Electronics and Communication
The field of electronics comprises the study and use of systems that operate by controlling the flow of electrons (or other charge carriers) in devices such as thermionic valves and semiconductors. The design and construction of electronic circuits to solve practical problems is an integral technique in the field of electronics engineering and is equally important in hardware design for computer engineering. All applications of electronics involve the transmission of either information or power. Most deal only with information.
A semiconductor behaves as an insulator at very low temperatures, and has an appreciable electrical conductivity at room temperature although much lower conductivity than a conductor. Commonly used semiconducting materials are silicon, germanium, gallium arsenide, indium phosphide, and mercury cadmium telluride.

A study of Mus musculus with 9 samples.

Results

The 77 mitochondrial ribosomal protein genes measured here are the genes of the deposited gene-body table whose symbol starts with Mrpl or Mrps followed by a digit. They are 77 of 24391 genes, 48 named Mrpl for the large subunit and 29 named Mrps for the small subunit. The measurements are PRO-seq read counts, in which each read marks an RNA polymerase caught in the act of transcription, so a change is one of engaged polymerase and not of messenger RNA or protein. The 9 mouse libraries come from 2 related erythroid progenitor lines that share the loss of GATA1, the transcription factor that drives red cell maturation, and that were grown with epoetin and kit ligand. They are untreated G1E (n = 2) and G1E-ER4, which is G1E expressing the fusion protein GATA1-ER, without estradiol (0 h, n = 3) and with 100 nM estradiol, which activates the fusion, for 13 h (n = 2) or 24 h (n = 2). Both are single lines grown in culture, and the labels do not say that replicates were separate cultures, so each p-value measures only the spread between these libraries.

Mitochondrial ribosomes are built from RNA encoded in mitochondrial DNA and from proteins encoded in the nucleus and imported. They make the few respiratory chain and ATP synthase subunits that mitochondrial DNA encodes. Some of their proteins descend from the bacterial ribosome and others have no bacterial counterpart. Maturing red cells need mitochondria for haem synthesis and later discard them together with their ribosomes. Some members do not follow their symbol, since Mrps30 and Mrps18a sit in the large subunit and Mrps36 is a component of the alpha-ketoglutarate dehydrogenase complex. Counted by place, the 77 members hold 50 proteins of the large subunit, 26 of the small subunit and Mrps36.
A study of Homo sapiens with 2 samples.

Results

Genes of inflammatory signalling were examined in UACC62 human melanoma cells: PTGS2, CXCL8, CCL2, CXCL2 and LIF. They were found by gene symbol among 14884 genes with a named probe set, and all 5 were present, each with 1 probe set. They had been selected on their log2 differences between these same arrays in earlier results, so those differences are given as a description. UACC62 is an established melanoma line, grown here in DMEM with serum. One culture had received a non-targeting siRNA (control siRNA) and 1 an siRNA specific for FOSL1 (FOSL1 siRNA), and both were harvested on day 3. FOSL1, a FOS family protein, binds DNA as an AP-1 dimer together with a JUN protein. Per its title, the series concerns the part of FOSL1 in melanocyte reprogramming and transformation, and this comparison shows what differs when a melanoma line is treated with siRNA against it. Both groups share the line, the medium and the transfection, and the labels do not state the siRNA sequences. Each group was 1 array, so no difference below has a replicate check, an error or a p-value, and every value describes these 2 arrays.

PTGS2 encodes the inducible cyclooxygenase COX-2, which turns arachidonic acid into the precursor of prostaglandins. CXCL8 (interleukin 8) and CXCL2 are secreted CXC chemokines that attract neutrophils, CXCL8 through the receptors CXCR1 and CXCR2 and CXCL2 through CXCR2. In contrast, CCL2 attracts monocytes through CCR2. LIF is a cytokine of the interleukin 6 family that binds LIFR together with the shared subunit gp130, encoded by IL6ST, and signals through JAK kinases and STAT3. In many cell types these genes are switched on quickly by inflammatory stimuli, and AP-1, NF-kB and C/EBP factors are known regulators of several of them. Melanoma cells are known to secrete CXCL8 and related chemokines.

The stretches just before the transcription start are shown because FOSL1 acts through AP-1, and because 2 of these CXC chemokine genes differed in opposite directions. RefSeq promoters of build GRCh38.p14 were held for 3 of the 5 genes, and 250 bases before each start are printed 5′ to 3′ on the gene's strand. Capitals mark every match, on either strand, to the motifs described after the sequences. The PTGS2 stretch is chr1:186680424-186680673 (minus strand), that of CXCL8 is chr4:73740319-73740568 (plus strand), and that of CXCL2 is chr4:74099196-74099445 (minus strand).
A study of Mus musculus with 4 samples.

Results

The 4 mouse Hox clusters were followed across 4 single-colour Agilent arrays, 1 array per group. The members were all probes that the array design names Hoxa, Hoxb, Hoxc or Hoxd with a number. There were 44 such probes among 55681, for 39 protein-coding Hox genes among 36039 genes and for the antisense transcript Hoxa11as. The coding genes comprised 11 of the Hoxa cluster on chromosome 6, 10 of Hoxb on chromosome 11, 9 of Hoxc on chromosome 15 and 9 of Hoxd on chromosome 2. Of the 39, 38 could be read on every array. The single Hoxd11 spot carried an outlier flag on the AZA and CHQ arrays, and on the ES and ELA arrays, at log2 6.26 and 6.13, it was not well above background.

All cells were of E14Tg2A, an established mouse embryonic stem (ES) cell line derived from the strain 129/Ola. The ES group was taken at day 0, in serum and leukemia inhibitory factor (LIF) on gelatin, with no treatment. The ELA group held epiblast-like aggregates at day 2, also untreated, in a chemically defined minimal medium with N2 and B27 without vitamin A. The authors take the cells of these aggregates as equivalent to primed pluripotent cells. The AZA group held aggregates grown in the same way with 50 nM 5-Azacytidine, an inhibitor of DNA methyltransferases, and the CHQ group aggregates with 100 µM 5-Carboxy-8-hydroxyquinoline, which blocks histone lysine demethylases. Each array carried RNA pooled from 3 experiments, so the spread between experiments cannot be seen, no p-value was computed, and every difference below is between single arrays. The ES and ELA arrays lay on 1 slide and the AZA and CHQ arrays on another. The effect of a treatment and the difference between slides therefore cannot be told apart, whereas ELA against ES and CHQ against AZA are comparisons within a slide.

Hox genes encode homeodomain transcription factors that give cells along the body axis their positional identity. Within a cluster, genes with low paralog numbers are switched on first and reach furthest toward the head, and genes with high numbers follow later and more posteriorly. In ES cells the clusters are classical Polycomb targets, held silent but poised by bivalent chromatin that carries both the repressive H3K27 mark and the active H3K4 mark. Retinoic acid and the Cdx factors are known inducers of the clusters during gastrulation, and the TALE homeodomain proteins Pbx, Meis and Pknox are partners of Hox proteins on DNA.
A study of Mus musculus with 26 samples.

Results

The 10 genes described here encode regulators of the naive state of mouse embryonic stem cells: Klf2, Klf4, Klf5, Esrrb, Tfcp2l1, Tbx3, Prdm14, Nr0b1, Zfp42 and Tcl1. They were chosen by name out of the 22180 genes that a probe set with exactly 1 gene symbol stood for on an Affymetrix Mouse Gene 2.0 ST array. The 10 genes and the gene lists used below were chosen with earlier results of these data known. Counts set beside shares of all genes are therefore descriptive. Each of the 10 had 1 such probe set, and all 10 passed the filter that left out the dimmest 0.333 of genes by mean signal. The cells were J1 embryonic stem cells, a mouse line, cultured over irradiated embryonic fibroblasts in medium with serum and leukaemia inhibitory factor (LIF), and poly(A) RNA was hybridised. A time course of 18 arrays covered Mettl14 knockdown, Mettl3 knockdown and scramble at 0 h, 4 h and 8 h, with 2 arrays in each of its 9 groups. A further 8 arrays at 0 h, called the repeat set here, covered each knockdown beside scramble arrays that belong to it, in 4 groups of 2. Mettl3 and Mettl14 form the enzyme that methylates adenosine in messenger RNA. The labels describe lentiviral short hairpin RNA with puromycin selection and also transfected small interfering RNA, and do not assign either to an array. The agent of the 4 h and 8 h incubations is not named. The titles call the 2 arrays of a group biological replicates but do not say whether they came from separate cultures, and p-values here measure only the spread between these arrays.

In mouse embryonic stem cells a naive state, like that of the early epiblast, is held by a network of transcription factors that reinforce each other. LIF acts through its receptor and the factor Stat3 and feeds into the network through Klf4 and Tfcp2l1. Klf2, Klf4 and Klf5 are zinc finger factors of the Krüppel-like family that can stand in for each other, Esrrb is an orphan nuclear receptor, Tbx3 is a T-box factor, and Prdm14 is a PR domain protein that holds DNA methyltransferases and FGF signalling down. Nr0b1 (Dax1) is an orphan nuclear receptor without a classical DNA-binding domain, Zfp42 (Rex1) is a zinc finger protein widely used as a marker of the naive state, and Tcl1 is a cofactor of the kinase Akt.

A semiconductor can be distinguished from a conductor by the fact that, at absolute zero, the uppermost filled electron energy band is completely filled in a semiconductor, but only partially filled in a conductor.
The distinction between a semiconductor and an insulator is slightly more arbitrary. A semiconductor has a band gap which is small enough such that its conduction band is appreciably thermally populated with electrons at room temperature, whilst an insulator has a band gap which is too wide for there to be appreciable thermal electrons in its conduction band at room temperature.
An electrical network is an interconnection of electrical elements such as resistors, inductors, capacitors, and switches.
An electrical circuit is a network that has a closed loop, giving a return path for the current. A network is a connection of two or more components, and may not necessarily be a circuit.